Missing Features in Windows 7 Starter Will Disgruntle Netbook Buyers, Survey Says

Microsoft may have ditched the three application limit on the Windows 7 Starter Edition, but other restrictions on the netbook-only version of the operating system will be an unwelcome surprise for many netbook buyers, according to a survey.

Microsoft Corp. may have ditched the three application limit on the Windows 7 Starter Edition, but other restrictions on the netbook-only version of the operating system will be an unwelcome surprise for many netbook buyers, according to a survey published Monday.

[ For complete coverage on Microsoft's new Windows 7 operating system -- including hands-on reviews, video tutorials and advice on enterprise rollouts-- see CIO.com's Windows 7 Bible. ]

Sixty-one percent of consumers do not know that Windows 7 Starter lacks some features standard in any version of Windows XP, such as support for multiple monitors, DVD playback -- even the ability to change the desktop image from the Microsoft logo, according to a survey by electronics shopping site,Retrevo.com.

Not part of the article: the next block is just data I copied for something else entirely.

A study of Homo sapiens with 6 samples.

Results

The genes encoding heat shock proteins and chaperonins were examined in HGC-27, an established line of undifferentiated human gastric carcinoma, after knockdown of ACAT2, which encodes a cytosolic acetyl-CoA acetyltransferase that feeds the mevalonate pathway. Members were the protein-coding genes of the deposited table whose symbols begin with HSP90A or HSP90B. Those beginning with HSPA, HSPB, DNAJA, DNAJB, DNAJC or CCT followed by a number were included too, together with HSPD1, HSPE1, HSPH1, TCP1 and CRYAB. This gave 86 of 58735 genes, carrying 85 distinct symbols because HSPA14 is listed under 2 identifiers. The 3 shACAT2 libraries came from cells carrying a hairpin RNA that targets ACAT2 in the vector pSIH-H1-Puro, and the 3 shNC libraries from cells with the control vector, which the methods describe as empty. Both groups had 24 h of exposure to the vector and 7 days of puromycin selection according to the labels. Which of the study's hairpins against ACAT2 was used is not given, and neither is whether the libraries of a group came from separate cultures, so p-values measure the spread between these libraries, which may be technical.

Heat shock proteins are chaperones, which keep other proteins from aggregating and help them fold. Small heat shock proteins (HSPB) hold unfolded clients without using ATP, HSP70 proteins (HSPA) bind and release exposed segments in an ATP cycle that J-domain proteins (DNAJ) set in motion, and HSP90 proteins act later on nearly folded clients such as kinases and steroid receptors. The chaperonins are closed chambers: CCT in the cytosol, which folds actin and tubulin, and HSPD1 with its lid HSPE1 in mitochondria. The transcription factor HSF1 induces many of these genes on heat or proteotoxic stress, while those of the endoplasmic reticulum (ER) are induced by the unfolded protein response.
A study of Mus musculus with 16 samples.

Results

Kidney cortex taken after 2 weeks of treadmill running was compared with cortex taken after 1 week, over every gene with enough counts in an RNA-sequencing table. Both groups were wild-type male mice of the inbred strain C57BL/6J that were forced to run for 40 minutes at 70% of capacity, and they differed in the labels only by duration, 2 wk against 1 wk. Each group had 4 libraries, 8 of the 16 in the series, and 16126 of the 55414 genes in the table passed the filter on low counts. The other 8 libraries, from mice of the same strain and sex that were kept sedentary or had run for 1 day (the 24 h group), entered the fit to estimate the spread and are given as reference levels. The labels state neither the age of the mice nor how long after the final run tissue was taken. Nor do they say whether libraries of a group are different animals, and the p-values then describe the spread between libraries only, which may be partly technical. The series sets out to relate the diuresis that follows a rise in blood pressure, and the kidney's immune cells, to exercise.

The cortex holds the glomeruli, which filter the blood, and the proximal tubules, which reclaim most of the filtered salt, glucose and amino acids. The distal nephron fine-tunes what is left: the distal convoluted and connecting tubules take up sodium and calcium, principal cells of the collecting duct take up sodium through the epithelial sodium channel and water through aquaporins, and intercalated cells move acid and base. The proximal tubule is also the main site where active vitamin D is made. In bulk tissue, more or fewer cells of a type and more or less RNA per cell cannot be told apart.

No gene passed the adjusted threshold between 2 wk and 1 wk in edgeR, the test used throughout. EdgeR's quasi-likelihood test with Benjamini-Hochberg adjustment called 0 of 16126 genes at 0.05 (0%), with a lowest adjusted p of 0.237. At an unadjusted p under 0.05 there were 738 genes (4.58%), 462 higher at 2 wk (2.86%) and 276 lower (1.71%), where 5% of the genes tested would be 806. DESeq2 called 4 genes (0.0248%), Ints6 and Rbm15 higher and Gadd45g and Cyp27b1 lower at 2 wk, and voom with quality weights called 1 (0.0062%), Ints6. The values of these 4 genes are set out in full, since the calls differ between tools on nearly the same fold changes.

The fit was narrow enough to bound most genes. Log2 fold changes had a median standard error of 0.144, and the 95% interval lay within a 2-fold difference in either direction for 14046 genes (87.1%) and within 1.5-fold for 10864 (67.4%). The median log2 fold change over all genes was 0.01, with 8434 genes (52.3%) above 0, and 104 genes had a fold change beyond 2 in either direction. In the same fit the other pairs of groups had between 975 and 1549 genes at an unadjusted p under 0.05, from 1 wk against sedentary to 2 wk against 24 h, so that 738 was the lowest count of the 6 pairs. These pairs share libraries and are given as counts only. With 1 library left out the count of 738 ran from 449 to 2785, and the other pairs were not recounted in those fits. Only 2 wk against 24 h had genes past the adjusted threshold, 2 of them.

Other higher-end features Windows 7 Starter lacks include the advanced Aero interface, multi-touch, Windows Media Center, and XP Mode virtualization.


The problem, according to Retrevo, is that 23 out of 28 netbooks available today on Amazon.com are installed with Windows 7 Starter.

Microsoft may be counting on upselling users to to an $80 upgrade to Windows 7 Home Premium. That is done via the Anytime Upgrade program on Microsoft's e-commerce Web site.

But it could also create ill will toward Microsoft, said Andrew Eisner, director of content for Retrevo.

"I think most users will feel angry with having to pay the $80 for an upgrade to get those features," he said.

It could also boost demand for Linux netbooks, which are expected to grab nearly one-third of the booming worldwide market this year for netbooks.

Microsoft declined to comment specifically on Retrevo's survey. Rather, it pointed to a statement it made back in February when it announced the six versions of Windows 7.

"Small notebook PCs can run any version of Windows 7. For OEMs that build lower-cost small notebook PCs, Windows 7 Starter will now be available in developed markets," it said. "For the most enhanced, full-functioning Windows experience on small notebook PCs, however, consumers will want to go with Windows 7 Home Premium, which lets you get the most out of your digital media and easily connect with other PCs."

This story, "Missing Features in Windows 7 Starter Will Disgruntle Netbook Buyers, Survey Says" was originally published by Computerworld.